Image courtesy of the City of Brentwood
By LANDON WOODROOF
Widely admired Brentwood teacher Doug Campbell may have passed away in April, but he is still giving back to the community through the family and friends he inspired.
Some of those family and friends gathered at Monday night’s City Commission meeting to share memories of Campbell and to relay news about a project they have been working on to install life-saving automated external defibrillators in city parks.
Campbell died on the morning of April 10 while out on a run at Crockett Park with some of his regular running buddies. Some of those running buddies began a GoFundMe campaign in August to raise money for the Doug Campbell Memorial Fund. Their intention was to install a memorial bench to Campbell near where he died and to place AEDs in parks in the hopes of saving future victims of cardiac arrest.
The bench and five AEDs were installed in September, each with its own plaque to commemorate Campbell.
“The plaque we selected to put on the pieces of equipment that were were able to purchase says coach, teacher, friend and running partner, and Doug was all of those to many of us,” Tommy Allen said Monday night.
Allen and Campbell ran together for more than 20 years. Over that period of time, Allen said he got to witness first-hand how much Campbell was loved in the Brentwood community.
“I found out how popular Doug was one afternoon when we were at the mall together,” Allen said. “We couldn’t walk 20 feet without someone saying, ‘Hello, Mr. Campbell. Hi, Mr. Campbell. Do you remember me coach?’ And you know what? He remembered every one of them. He was tremendously popular.”
Allen thanked Campbell’s friends and family for their support of the memorial fund.
He also thanked city staff and Premedics Systems, the local company that has supplied the AEDs for the parks. The memorial fund raised $4,000 to rent them and have them serviced for a year, according to a City of Brentwood news release.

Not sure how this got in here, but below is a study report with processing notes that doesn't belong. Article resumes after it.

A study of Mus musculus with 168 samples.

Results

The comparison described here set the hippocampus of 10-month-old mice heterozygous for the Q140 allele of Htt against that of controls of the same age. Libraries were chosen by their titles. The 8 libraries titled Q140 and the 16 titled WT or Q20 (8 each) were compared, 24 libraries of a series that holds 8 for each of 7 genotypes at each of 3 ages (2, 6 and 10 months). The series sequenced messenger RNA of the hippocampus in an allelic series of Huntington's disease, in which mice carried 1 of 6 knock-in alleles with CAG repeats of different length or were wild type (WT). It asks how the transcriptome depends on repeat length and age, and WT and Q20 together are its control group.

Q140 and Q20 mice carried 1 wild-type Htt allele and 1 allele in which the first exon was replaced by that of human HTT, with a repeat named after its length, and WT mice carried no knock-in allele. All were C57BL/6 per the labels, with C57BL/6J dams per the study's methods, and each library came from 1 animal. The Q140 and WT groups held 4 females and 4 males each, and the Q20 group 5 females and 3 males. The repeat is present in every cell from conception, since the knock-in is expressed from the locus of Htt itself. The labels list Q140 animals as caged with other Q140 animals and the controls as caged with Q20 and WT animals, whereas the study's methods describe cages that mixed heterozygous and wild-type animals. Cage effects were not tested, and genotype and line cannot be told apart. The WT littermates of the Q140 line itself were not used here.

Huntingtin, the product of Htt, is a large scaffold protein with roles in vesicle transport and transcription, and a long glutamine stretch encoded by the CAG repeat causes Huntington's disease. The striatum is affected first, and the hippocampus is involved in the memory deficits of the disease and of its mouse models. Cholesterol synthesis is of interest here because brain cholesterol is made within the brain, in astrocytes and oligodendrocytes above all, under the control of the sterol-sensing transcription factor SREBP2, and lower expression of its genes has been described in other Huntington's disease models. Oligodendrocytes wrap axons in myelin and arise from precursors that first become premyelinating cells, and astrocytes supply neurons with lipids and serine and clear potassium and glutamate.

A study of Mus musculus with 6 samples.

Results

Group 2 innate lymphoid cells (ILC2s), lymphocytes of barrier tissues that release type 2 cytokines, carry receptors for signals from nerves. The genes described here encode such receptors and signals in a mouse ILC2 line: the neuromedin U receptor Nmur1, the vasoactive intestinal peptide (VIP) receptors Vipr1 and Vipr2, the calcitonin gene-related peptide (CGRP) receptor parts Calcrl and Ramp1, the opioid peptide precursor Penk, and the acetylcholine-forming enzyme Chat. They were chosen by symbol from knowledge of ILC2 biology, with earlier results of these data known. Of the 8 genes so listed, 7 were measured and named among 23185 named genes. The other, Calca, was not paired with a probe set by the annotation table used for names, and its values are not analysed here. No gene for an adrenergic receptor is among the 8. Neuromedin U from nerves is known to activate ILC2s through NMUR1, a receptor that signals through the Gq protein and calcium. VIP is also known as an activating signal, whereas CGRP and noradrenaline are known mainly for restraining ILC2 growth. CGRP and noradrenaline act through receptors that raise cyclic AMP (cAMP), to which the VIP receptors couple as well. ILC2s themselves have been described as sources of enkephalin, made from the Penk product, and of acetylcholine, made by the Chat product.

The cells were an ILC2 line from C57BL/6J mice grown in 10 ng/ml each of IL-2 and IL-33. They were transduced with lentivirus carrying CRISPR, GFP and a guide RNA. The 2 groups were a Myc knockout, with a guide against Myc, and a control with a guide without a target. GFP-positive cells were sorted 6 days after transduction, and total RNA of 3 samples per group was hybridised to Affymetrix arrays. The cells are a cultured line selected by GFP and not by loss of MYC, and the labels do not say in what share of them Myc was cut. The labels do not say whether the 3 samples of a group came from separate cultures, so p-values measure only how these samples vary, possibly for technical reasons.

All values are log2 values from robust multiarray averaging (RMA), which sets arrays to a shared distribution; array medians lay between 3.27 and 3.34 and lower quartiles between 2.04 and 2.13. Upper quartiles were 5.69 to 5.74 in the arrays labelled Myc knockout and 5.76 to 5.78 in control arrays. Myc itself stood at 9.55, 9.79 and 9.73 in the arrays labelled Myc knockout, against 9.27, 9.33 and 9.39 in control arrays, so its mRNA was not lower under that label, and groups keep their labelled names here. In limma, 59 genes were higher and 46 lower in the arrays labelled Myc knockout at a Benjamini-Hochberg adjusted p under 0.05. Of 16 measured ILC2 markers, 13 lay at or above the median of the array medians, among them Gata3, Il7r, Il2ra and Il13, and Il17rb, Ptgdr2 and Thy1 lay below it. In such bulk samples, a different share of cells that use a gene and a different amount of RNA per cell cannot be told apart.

The AEDs have been set up at five spots in the park, according to the release. Those spots are:
River Park restroom
Tower Park restroom
Crockett Park 1: At the restroom on the east end of the multi-purpose fields
Crockett Park 2: Near the restroom and concessions between the baseball fields
Crockett Park 3: At the restroom building at the west end of the park near the tennis courts
Brent Hetherington, of Premedics, also said that his company would be donating 10 AEDs to the city for use in police cars.
“I’m passionate about making cities safe,” Hetherington said. “We want to make it hard to die of sudden cardiac arrest in the city of Brentwood, Tennessee.”
Brentwood Fire & Rescue Chief Brian Goss said the city already enjoys a higher-than-average rate of saved lives in cases of cardiac arrest and that these new defibrillators represent the first part of a larger initiative to increase AED access in the city.
“We’re looking to expand this program preferably in the coming years and make these available again through the city especially in those areas where the risk is the greatest,” he said.
Goss said that AEDs are practically foolproof and remarkably easy to use.
“Basically, if you can unzip the case and open it, it walks you through it from there both verbally and through picture,” he said. “It tells you exactly where to place the pads, where to plug them in, when to push the button. And it self-monitors, and the technology in the units now will not … let you deliver a shock if it’s not warranted. It’s no risk. You put it on an unconscious individual with no breathing, no heartbeat, it does all the work from there.”
Fire & Rescue has prepared a video to walk someone through the process.
Commissioner Rhea Little said that the project was a prime example of what makes Brentwood such a great place to live.
“The goodness shown in this project shows that many do strive to serve others,” he said. “And I’m very grateful to be part of a community that would desire to do that, to honor the memory of a close friend and loved one.”